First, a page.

EMDR therapy utilizes a specially developed 8-phase treatment protocol. As you will see from the description of each phase, the protocol combines EMDR’s unique bilateral dual attention
stimulation with elements from different therapeutic approaches. This serves to maximize and accelerate treatment effects. Bilateral stimulation (whether eye movements or tactile/auditory) is used during some of the phases.
Furthermore, as EMDR therapists use the 8 phases, they keep in mind that the treatment should target three time periods—the past, the present, and the future—each with its own focus. The past: disturbing memories and related events that happened in the past and caused the brain’s natural healing process to become blocked. The present: current situations or triggers that stimulate feelings of distress. The future: development of skills and attitudes needed for positive future actions.
Phase 1-History Taking: The therapist assesses your readiness and develops a treatment plan. As you tell your story, the therapist will help you identify possible targets for EMDR processing. These include distressing memories and current situations that cause you emotional distress. Other targets may include related incidents in the past. Emphasis is placed on the development of specific skills and behaviors you will need in future situations.
Note: If you disclose a problematic childhood, initial EMDR processing may be directed to childhood events rather than to adult onset stressors or the identified critical incident.
Phase 2-Preparation: The therapist ensures that you have several different ways of handling emotional distress. You may learn a variety of grounding, imagery, and stress reduction techniques you can use during and between sessions. This is done expressly for your safety. Although the goal of EMDR is to produce rapid and effective change, it is important for you to be able to maintain equilibrium during and between sessions.
Phase 3-Assessment: Together, you and the therapist identify the disturbing memory to be targeted during the bilateral dual attention stimulation. Then, the therapist asks you a series of questions in order to get baseline measurements. You are asked for an image that represents the event, a negative belief that goes with it, a positive belief you would like to have, how true that positive belief feels on the validity of cognition scale (VOC), what negative emotion goes with the image and the negative belief, how disturbing this negative emotion is on the scale of subjective units of disturbance (SUDs), and, lastly, what you experience in your body as a result of the negative emotion (e.g., tension or discomfort in a specific area).
Phase 4-Desensitization: Bilateral dual attention stimulation is used to access disturbing memories and reactivate your brain’s blocked natural information processing. The brain reprocesses the disturbance so that it can be released and brought to an adaptive resolution. After the first set of bilateral stimulation is completed, you will have a brief check-in with the therapist, and then go back to another set. This will continue until the targeted event feels neutral and no longer distressing, at which point you will move to the next phase. (If you were to become distressed or have difficulty in progressing, the therapist follows established procedures to help you get back on track.)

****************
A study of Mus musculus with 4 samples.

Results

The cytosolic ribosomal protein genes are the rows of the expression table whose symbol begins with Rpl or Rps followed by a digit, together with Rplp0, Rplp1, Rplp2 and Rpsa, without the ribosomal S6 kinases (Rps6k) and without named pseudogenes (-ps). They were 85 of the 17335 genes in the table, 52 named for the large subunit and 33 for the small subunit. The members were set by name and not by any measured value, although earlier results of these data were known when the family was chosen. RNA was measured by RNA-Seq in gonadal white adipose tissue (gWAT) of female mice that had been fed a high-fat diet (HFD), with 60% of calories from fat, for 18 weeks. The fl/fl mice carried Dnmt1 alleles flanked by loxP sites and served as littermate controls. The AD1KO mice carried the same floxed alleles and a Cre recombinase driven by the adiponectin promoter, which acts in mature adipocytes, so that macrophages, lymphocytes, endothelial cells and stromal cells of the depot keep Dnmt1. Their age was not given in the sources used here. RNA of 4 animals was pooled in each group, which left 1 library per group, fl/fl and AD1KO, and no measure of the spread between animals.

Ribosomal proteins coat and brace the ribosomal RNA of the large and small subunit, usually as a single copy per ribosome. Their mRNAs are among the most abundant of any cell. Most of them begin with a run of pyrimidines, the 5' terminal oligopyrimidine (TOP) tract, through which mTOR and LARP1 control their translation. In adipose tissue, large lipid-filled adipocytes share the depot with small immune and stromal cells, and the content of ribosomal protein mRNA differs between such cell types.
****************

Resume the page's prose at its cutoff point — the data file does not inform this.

Phase 5-Installation: The main goal in this phase is to link the reprocessed event to positive self-assessment. Now that the targeted event is no longer distressing, you are asked to think once again of the positive belief you identified in Phase 3. At this time, you may adjust the positive belief if necessary, since it may have changed while the information was shifting during reprocessing. Then, bilateral stimulation is used to install the link between the event and your positive belief about yourself. More than one set may be necessary to get your VOC (see Phase 3) to an acceptable level, after which the treatment moves to Phase 6.
Phase 6-Body Scan: This is the final phase of accelerated reprocessing. While holding both the image of the distressing event and the positive belief, you are asked to mentally scan your body for residual tension or any other negative physical sensations. If there is any lingering discomfort, additional sets of bilateral stimulation are done until that is no longer the case.
Phase 7-Closure: The content of this phase depends on whether the session is deemed complete or incomplete when the allotted time is almost over. The therapist needs to leave sufficient time to close the session with proper instructions that are part of the protocol. It is also important to leave you in a positive frame of mind and a sense of well-being. Therefore, even if the therapist hears something during phase 5 or 6 that should be processed but that needs too much time, this material is left for the next session (hence, an “incomplete” session). You are reminded to keep a specific log until your next session and to practice the techniques you learned in Phase 2.
Phase 8-Reevaluation: Although this sounds like the last step, reevaluation actually opens each session after the first. The therapist does a follow-up, asking about your disturbance level as it relates to the memories that were processed in the last session. If that session was incomplete (as explained in Phase 7), the processing begins again with Phase 4.
In addition to the other EMDR sections on this website, if you would like to read more about EMDR’s beginnings, research and other related topics, go to the EMDR Institute website.